The leader of the Conservatives in the House of Lords today defended the controversial peerage given to the party's billionaire treasurer Michael Ashcroft.
Lord Strathclyde said the row over Mr Ashcroft's peerage was a smokescreen to draw attention away from Prime Minister Tony Blair's other appointments of working peers in a bid to pack the house with his supporters.
He told BBC Radio 4's Today programme: "He got his peerage for a number of reasons. Of course, he is treasurer of the Conservative Party and he is a very wealthy man and has given 10% of the Conservative Party's funding over the last few years.
"But also, he is an international businessman, a substantial employer in this country and he gives to charity. He set up one of the most important anti-crime charities in this country - Crimestoppers - and continues to support that.
"If you compare him to many people in the House of Lords now, and who have been there before, I think there is every good reason why he should have got his seat."
Lord Strathclyde said he believed the Labour Party was whipping up controversy over Mr Ashcroft to distract attention from Mr Blair's "stuffing" of the Lords with his own supporters.
"This is a good old attack on the Conservative Party to allow the Prime Minister to put another 20 or 30 peers into the House of Lords," he said.
"Michael Ashcroft has no say whatsoever over Conservative Party policy. He is not part of that decision-making process."
But one of the strongest attacks on Mr Ashcroft's elevation, made conditional on his returning to live in Britain, was Viscount Cranborne, Lord Strathclyde's predecessor in the Lords.
He said the decision to ennoble Mr Ashcroft, on William Hague's recommendation, was "an affront to the dignity and standing" of the Conservative Party and Parliament.
He told The Times: "I regard the award of a peerage as primarily the award of a right to become a member of the British Parliament and that implies that the recipient is worthy and already satisfies all the criteria which we would expect.
"As far as I know, it is unprecedented for conditions to be set before anybody can become a peer.
"It reminds me of the way medieval Popes made their nephews into cardinals."
Peter Bradley, Labour MP for The Wrekin, who has led the Commons attacks on Mr Ashcroft, said: "If William Hague had any judgment he would know that this is a very bad day for the Conservative Party. Cash for coronets plumbs new depths."
In exchange for his peerage, Belize-based Mr Ashcroft, who has donated £3 million to the Conservatives, must become a permanent resident in Britain.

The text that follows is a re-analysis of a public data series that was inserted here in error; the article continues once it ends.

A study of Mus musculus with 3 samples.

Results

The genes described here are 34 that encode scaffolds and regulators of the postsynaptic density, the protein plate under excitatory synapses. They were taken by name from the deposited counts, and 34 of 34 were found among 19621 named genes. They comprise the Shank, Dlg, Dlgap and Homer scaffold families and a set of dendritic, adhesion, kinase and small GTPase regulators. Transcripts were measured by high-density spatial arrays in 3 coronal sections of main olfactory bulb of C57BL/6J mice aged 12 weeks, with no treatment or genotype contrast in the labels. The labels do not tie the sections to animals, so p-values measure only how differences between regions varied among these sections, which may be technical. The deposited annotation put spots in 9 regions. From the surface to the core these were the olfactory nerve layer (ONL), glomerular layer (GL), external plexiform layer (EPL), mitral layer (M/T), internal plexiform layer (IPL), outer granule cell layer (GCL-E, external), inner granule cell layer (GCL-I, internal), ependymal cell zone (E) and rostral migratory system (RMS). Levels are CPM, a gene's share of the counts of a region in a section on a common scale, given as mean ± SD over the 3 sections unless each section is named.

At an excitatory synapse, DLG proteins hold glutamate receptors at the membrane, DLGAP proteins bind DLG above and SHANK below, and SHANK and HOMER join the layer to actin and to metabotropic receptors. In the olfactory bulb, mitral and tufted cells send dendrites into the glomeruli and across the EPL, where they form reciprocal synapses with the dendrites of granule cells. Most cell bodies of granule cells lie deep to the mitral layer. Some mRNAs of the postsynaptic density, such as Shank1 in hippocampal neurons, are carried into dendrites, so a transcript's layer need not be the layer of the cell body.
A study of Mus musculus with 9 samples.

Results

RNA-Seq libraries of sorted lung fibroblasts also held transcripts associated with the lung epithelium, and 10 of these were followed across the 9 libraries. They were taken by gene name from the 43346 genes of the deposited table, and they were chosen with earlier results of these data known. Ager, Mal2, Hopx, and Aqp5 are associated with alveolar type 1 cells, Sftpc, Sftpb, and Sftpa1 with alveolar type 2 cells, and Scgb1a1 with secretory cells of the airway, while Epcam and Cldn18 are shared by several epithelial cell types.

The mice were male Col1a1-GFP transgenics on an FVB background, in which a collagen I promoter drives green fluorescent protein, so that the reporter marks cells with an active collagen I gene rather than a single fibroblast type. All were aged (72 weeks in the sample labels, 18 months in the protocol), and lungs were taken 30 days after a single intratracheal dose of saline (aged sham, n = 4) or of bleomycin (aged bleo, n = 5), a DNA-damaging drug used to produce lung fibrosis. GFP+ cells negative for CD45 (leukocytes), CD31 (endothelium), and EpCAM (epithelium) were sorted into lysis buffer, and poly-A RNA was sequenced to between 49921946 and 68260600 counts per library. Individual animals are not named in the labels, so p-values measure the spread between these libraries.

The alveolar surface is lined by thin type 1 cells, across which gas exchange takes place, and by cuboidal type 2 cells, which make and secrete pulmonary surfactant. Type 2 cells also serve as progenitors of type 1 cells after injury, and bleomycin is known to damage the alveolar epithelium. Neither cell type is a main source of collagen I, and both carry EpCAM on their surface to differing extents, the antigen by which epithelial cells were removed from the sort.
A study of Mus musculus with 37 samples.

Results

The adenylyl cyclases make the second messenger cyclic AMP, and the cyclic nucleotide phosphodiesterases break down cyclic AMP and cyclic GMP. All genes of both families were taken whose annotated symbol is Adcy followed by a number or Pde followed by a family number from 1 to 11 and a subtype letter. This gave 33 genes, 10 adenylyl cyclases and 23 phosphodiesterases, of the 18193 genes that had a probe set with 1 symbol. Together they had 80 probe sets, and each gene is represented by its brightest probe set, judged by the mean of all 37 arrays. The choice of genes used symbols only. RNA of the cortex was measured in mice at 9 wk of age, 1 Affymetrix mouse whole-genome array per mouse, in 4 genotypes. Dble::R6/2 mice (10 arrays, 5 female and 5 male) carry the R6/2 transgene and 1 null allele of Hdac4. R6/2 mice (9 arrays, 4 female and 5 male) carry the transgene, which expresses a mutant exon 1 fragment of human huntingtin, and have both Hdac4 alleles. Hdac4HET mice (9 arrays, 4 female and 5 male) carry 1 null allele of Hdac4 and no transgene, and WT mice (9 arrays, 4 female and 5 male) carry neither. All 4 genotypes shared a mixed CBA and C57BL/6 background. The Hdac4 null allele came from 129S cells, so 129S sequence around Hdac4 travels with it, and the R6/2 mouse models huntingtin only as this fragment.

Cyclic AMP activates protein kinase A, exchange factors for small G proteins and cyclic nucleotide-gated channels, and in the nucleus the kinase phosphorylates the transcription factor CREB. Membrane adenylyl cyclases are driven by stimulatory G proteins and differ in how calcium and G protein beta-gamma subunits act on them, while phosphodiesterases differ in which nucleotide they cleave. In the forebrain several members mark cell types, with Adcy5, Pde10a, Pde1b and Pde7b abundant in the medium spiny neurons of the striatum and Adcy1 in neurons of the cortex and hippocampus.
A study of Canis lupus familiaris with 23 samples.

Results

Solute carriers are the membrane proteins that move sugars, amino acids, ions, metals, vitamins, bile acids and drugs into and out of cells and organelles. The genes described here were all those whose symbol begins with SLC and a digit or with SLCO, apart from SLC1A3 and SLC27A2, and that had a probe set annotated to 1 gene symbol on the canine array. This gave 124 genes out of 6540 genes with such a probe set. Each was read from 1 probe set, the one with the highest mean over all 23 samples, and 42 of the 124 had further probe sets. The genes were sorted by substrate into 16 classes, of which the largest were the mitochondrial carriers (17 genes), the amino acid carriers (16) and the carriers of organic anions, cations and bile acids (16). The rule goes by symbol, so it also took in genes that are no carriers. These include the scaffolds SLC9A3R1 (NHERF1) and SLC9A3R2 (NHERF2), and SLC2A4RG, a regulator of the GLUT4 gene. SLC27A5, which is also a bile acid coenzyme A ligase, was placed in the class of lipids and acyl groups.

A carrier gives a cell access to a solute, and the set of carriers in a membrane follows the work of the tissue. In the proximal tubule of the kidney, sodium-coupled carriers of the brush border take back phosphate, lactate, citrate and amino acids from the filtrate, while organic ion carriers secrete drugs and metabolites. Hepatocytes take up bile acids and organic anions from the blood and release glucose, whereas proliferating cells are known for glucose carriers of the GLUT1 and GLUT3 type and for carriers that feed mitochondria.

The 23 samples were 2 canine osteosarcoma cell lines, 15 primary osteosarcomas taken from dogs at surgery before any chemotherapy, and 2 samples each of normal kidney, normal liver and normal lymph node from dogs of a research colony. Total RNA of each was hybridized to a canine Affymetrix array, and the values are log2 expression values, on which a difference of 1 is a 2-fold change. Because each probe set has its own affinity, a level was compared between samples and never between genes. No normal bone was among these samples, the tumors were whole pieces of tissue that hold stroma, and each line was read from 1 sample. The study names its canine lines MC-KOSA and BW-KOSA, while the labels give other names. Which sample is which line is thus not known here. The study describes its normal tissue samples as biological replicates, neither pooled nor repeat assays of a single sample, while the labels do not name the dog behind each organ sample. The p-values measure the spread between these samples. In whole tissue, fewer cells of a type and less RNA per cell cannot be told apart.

There were 32 other new peers created in a list released by Downing Street last night - including former Olympic gold medallist and now Private Secretary to Mr Hague Sebastian Coe.
Mr Ashcroft, who last night said he was "both thrilled and honoured" at the decision, is to step down as United Nations ambassador for Belize as the first step towards ending his exile.
He gave what Downing Street said was a "clear and unequivocal assurance" that he would take up permanent residence in the UK before the end of the year and would not take up his seat in the Lords until after his return.
Liberal Democrat foreign affairs spokesman Menzies Campbell said: "The rules would not have been bent if Mr Ashcroft had not been a £3 million supporter of the Tory Party. Anyone who thinks that manipulation of this kind enhances the reputation of Parliament and politics is living on another planet."
Mr Ashcroft, who last year was involved in a bitter libel battle with The Times newspaper and a row about his large-scale donations to the Tory Party, said: "I am both thrilled and honoured to have become a working peer, and I look forward to being able to make a contribution to the work of the Upper House.
"As a businessman, as a campaigner against crime and drugs, and as a political party fundraiser, there are a number of subjects in which I have both great interest and some experience. I hope to put these to work.
"As a firm believer in opportunity, enterprise and the freedom of the individual, I look forward to taking the Conservative Whip and helping wherever I can to working as part of the Tory team in the Lords."
The new working peers are made up of 20 Labour, four Conservative and nine Liberal Democrats.
Among the Labour life peers are five former hereditary peers who lost their right to sit in the House of Lords in November last year.
The so-called "re-treads" are Baron Acton, Baron Berkeley, Viscount Chandos, Baron Grenfell and Baron Ponsonby.
The Labour peers also include television executive Alexander Bernstein, chairman of the Bar Council Daniel Brennan and managing director of publishers Faber and Faber, Matthew Evans.
Among the nine Liberal Democrats are also two former hereditary peers - the Earl of Mar and Kellie and Baron Redesdale.
Liberal Democrat peers also include veteran party activist Tony Greaves, former MP for Farnworth John Roper and public relations consultant Joan Walmsley.
With the new working Lords there will be 202 Labour peers in the Lords, 236 Conservative, 63 Liberal Democrats, 161 crossbenchers and 26 Bishops and Archbishops.